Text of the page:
Shipping Magnate O.K. Lim Faces Second Forgery Charge
Singaporean oil and shipping magnate Lim Oon Kuin (also known as O.K. Lim) faces a second charge of abetment of forgery in connection with an allegedly fraudulent loan application.
According to prosecutors, Lim asked an executive at his firm Hin Leong Trading to forge an email to client China Aviation Oil (Singapore). The email depicted a sale that allegedly did not occur, and it was "submitted to a financial institution to secure more than $56 million in trade financing," prosecutors asserted.
It is the second charge in connection with the same alleged offense. In a previous filing, prosecutors charged OK Lim with instructing a contracts executive to falsify a document on the letterhead of UT Singapore Services, a tank farm operator on Jurong Island. The document showed a transfer of about one million barrels of gasoil to China Aviation Oil (Singapore) in mid-March. Along with the falsified email described above, this document was then submitted to a financial institution as part of an allegedly fraudulent loan application.
If convicted, Lim could face a fine and a prison term of up to 10 years for each charge.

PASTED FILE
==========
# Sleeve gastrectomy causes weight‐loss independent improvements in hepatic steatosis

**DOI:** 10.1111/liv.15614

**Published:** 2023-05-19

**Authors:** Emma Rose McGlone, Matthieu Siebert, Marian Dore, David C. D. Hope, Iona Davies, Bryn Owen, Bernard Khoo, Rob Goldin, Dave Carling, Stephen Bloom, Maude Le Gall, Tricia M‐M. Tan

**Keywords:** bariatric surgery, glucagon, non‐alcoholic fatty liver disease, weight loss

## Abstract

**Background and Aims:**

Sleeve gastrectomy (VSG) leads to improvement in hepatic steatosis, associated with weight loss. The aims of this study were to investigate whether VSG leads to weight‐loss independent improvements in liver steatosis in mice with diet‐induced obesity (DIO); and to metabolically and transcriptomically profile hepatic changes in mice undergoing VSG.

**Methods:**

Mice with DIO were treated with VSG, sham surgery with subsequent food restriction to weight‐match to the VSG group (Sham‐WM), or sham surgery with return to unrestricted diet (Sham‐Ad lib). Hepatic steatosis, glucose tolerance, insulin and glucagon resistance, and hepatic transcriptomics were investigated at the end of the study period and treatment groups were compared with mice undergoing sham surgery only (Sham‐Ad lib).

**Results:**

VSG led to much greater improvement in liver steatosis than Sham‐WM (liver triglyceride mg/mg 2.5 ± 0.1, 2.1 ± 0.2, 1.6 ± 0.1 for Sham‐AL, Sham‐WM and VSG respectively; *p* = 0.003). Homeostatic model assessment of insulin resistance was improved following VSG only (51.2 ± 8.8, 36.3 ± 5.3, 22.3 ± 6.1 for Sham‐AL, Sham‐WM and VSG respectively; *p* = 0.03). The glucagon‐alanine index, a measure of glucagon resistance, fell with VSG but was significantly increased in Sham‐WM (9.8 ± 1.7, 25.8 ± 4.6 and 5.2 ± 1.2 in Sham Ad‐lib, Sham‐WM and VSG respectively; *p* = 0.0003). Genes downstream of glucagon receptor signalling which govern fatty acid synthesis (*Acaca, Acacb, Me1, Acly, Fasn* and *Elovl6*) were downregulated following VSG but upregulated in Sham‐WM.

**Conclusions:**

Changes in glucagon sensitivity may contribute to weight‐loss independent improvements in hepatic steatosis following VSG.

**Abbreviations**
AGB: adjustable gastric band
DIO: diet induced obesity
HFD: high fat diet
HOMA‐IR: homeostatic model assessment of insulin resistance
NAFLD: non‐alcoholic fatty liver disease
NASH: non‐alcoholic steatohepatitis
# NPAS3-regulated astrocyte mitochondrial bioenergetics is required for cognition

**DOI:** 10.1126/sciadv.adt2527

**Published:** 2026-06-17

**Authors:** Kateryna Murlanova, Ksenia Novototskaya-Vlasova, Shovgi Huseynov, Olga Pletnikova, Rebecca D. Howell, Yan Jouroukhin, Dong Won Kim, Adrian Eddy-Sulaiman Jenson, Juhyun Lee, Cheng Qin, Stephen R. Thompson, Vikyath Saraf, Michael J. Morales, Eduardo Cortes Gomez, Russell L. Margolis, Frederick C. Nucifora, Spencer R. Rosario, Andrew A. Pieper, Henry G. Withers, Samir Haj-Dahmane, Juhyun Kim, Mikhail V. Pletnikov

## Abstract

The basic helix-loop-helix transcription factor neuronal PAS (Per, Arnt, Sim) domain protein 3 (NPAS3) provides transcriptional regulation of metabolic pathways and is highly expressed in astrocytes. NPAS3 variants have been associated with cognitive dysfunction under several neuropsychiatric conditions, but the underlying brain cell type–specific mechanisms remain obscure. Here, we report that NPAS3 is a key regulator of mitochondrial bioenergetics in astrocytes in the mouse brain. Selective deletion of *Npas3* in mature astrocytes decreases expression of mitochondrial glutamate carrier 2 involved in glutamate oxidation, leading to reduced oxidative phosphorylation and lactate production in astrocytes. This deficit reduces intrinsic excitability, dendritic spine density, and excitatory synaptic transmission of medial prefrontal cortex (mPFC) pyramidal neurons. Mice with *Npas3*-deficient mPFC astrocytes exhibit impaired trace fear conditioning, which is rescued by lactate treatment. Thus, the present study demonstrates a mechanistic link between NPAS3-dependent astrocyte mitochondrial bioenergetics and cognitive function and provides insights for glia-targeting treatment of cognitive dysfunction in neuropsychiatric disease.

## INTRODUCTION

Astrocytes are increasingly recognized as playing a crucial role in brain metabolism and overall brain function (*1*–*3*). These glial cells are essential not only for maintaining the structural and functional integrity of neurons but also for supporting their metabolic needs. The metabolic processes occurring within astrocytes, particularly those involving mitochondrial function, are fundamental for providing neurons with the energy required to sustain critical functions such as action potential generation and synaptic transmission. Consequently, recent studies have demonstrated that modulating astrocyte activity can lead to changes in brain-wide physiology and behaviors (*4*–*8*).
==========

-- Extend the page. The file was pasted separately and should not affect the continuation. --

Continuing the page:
The charge is the latest in a string of serious setbacks for the Lim family and its businesses, which have entered into bankruptcy proceedings and court administration. The court-appointed manager for Hin Leong Trading, PricewaterhouseCoopers, is suing Lim and members of his immediate family to recover a total of about $3.5 billion in losses that they allegedly caused through "the manipulation of Hin Leong's accounts through irregular accounting entries" and other fraudulent practices. The suit contends that O.K. Lim, his daughter Huey Ching and his son Chee Meng deliberately hid trading losses and made the firm look profitable long after it had passed into insolvency. Their methods allegedly included overstating the firm's inventory and accumulating more debt by deceiving lenders.
Lim confirmed the losses in a court filing in April, saying that he was responsible for the firm's inaccurate financial statements. "In this regard, I had given instructions to the finance department to prepare the accounts without showing the losses and told them that I would be responsible if anything went wrong," Lim said in the filing.
Ernst & Young, the judicial manager for the Lim-controlled shipowning firm Ocean Tankers, alleges that the company firm transferred $19 million to the Lim family's personal bank accounts shortly before the company applied to the courts for debt relief. E&Y has filed a civil suit in an attempt to recover the funds.